For years, the 200 block of Main Street in Woodruff suffered from a blighted, abandoned building with no roof. Not only was the littered lot at 224 Main St. a public safety hazard, it also created a drag on potential development along the fast-growing commercial block.
In 2020, the City of Woodruff won a Hometown Economic Development Grant, which helped city leaders transform the former eyesore into a new outdoor event and gathering space that attracts visitors and residents alike. The new “Block 224” space connects Main Street businesses with public parking behind their buildings and with the city’s recently refurbished McKinney Park. Woodruff’s project is just one of many in recent years to receive funding assistance from the Municipal Association’s HEDG program.
Changes to the Hometown Economic Development Grant program
After five years of success, the HEDG program will see a few changes to make it more effective and equitable.
In 2021, grants will be awarded in four population categories with the majority of awards going to cities and towns with populations under 5,000 according to the 2010 census. Certain types of projects will be excluded from consideration in order to ensure grant funds best support economic development in cities and towns, with this year’s eligibility requirements detailed on the grant application.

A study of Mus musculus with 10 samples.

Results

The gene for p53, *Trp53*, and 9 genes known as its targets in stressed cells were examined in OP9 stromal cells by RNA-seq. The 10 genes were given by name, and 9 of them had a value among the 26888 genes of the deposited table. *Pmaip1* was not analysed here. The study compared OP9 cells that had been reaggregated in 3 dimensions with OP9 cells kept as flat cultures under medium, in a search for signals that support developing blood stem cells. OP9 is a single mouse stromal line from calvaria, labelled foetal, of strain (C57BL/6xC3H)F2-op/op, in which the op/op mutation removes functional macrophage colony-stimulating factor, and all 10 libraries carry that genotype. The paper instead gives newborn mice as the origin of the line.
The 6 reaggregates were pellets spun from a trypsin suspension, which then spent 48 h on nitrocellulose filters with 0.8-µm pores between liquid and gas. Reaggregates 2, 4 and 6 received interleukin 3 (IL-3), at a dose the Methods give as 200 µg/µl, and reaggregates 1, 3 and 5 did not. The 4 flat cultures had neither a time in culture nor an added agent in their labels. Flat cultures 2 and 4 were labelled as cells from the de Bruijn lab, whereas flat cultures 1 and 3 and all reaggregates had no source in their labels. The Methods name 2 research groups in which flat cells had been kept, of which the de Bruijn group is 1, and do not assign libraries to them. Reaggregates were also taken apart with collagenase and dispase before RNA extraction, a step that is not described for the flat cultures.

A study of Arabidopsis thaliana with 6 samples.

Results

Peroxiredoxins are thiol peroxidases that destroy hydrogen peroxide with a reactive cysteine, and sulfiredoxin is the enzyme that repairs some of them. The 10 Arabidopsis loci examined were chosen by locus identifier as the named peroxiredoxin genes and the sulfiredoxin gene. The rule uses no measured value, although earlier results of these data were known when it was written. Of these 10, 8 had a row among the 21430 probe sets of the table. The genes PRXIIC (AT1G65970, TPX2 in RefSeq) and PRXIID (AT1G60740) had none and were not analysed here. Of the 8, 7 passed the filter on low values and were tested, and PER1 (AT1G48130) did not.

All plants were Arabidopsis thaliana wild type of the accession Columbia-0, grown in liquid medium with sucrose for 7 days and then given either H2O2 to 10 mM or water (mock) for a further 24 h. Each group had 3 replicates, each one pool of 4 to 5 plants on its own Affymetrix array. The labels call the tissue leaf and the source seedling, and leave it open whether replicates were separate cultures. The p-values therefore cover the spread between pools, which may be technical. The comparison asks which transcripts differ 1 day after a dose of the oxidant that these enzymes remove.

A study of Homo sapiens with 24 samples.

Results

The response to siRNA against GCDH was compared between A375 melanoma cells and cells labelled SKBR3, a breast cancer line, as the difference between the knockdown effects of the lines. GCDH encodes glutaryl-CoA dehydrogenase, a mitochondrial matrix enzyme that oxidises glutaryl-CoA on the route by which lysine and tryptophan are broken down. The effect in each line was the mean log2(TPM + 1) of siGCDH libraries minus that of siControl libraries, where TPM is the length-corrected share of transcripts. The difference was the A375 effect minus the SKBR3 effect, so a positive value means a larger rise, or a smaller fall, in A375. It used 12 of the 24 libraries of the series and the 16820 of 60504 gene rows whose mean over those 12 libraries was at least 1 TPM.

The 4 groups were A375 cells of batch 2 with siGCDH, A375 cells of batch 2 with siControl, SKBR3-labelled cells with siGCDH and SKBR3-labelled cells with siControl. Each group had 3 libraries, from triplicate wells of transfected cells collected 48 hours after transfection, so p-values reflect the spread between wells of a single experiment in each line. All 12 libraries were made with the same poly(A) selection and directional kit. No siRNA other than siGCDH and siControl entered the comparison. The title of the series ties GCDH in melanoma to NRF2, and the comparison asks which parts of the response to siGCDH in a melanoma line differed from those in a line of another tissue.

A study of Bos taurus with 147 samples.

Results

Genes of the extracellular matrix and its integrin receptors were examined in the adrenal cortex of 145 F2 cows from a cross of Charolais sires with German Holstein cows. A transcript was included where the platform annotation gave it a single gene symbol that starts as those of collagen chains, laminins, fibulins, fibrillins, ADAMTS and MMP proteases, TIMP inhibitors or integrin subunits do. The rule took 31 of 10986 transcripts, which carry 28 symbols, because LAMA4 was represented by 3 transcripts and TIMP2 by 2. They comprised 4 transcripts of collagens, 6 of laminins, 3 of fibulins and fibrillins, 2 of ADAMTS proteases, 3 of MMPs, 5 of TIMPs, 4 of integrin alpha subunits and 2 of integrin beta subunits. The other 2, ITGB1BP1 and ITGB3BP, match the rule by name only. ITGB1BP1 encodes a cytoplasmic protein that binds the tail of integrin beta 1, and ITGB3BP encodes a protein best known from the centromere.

The 2021 HEDG cycle will award as many as 13 grants of up to $25,000 each. Project proposals must make a positive, measurable and sustainable economic impact on a community.
Those interested should submit an application online by Friday, September 24 at 5 p.m. The application requires that the council pass a resolution in support of the grant application.
Cities and towns that receive a grant must also provide matching funds. The municipal population determines the required amount of matching. Grant recipients must also submit progress reports and provide financial details about how they spent grant funds.